Six women sat on comfy couches and massaged their bellies. They spoke about sleeping habits, organic food and midwives. They introduced each other and instead of giving an age, they proudly talked about how far along they were in their pregnancies. Faced with the plethora of products for their babies, the group of pregnant Brooklynites decided not to go with Pampers, Luvs, or Huggies. Instead they opted for an old-fashioned option: cloth diapers.
Last Saturday, the expectant parents took the opportunity to learn about diapering with cloth at a free seminar held at Caribou Baby, a children’s clothing store Caribou Baby in Greenpoint.
“It’s not really complicated,” said Sarah Longwell-Stevens, a preschool teacher and Post-Partum Doula from Clinton Hill, who conducted the class. “It’s just not familiar to us
While the mechanics of cloth diapering may not be familiar, more and more young parents are moving from disposable to cloth diapers. One cloth diaper service in Brooklyn, for example, reports that it has three times more customers than it did when it started four years. “Over the years we lost many families due to potty training, but we definitely have more new customers,” said Liz Turrigiano, the owner of DiaperKind. She said at the beginning they only had 100 customers. But today they service over 300 families.
“I take yoga classes, and everybody there, talks about cloth diapers,” said Hieral Bhardwaj, 34, a Park Slope resident expecting her first child. She came to Saturday’s class with her husband, Anuj. “I thought it would be a good economical option for us.”
On its website, the Real Diaper Association, a national advocacy group for parents interested in cloth diapering, claims that the cost of cloth diapering is about one tenth the cost of disposables. In New York, a cloth diaper service that offers the cleaning of 40 dirty pre-folded diapers and supplies 40 clean ones each week for $35. The start-up pack of 80 diapers together with the sign up fee costs $50. A single disposable diaper costs about 30 cents.
Bhardwaj, one of the parents at Saturday’s seminar, added that she heard from some mothers that they saved about $2,000 per child when they used cloth diapers instead of disposable ones, after deducting the cost of washing the diapers. A load of dirty diapers requires two washing cycles and a longer drying time, she said.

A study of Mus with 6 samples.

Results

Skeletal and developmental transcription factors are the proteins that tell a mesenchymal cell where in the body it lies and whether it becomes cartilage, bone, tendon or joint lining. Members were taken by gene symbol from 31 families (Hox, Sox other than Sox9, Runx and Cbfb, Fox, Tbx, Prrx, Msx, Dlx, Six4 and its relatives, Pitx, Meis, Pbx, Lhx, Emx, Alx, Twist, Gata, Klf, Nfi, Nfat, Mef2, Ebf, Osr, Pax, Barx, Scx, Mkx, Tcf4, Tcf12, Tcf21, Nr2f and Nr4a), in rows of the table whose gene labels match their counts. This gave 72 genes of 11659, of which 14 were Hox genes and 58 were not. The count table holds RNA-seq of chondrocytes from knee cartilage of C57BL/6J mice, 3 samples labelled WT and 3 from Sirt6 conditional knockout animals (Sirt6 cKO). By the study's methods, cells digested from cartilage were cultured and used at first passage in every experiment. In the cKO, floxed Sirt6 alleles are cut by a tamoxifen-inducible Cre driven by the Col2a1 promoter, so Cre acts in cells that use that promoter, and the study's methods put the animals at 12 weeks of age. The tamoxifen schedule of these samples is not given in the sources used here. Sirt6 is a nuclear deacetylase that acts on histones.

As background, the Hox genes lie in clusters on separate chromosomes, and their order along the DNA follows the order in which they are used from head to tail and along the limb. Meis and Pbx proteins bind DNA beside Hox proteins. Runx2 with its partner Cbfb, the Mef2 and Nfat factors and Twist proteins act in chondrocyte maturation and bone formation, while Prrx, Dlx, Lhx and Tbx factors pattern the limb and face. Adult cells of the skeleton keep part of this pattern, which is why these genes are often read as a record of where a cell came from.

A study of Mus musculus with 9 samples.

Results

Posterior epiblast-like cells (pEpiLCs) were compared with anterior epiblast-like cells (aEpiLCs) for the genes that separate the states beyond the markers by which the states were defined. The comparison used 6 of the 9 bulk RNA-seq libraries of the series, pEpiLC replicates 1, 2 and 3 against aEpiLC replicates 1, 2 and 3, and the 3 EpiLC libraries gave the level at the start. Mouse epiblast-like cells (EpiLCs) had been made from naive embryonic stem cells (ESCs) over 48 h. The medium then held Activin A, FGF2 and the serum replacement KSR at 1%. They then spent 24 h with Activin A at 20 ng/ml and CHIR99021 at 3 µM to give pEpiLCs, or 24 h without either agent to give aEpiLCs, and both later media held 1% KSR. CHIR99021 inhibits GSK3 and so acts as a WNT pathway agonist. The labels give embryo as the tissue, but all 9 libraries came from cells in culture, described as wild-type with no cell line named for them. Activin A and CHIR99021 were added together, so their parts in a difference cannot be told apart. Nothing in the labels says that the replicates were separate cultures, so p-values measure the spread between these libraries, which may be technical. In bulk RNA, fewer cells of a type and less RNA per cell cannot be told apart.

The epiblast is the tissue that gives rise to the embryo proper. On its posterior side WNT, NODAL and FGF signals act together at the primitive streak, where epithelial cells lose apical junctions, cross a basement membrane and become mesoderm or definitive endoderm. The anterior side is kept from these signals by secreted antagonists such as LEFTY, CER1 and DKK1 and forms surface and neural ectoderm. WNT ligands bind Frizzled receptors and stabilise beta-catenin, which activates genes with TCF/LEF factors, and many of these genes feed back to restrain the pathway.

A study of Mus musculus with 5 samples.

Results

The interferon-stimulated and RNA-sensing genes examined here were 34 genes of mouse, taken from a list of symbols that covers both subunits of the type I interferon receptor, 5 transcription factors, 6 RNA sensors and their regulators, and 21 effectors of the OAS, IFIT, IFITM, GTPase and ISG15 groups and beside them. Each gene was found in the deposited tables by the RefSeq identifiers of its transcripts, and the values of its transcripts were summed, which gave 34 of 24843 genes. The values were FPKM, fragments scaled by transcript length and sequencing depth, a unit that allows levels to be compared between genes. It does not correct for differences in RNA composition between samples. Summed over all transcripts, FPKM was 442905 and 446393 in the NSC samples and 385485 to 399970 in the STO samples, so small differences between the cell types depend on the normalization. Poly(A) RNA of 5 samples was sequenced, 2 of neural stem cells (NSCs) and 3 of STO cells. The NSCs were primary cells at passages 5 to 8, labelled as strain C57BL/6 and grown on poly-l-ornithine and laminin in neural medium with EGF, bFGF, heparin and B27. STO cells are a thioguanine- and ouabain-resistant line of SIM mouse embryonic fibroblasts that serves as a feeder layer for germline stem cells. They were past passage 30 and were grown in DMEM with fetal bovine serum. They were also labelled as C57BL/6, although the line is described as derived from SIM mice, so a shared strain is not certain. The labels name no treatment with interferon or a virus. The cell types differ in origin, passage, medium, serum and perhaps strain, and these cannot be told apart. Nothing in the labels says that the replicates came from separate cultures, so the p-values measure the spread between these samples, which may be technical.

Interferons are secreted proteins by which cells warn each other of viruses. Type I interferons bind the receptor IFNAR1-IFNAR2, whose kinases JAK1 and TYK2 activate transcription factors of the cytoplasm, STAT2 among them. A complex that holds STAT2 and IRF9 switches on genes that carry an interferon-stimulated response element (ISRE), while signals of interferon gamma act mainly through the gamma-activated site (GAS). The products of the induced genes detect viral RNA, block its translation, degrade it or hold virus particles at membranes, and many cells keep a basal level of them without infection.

Cost is a draw, for sure, but some future parents attending the diapering class offered by Caribou Baby did so for other reasons.
“More people are looking into cloth diapering as an eco-friendly option,” Turrigiano said.
The Real Diaper Association reports that disposable diapers contain traces of dioxin, an extremely toxic by-product of the paper-bleaching process. The Environmental Protection Agency lists dioxin as the most carcinogenic chemical. According to the diaper association’s website, it’s banned in most countries but the United States. Then of course there is the generated garbage.
“It takes 500 years for a disposable diaper to decompose,” said Matt Strawn, 34, a father-to-be from Greenpoint. “[Cloth diapering] seems more natural.
On Saturday, the couples, whatever their motivations, learned the ins and outs of cloth diapers. Sitting on a carpet and using a large doll as a model, the instructor, Longwell-Stevens, demonstrated various types of cloth diapers from those with pre-folds that require special snaps to hold the fabric in place to hybrid diapers that have waterproof covers and a removable diaper pad made of reusable cloth or a disposable insert for more convenience. The new parents also learned about wool covers that allow for airflow so the baby’s skin can breathe and diapers with adjustable snaps that grow with the child.
Besides talking about the types of diapers, Longwell-Stevens also told parents how to store the dirty diapers, how to rinse them before washing and how to organize a diaper change away from home. In the end, both disposable and cloth diaper users have one more problem: disposing the waste.
“If you’d use a disposable diaper, you’d be still cleaning poop out of stuff,” Longwell-Stevens said.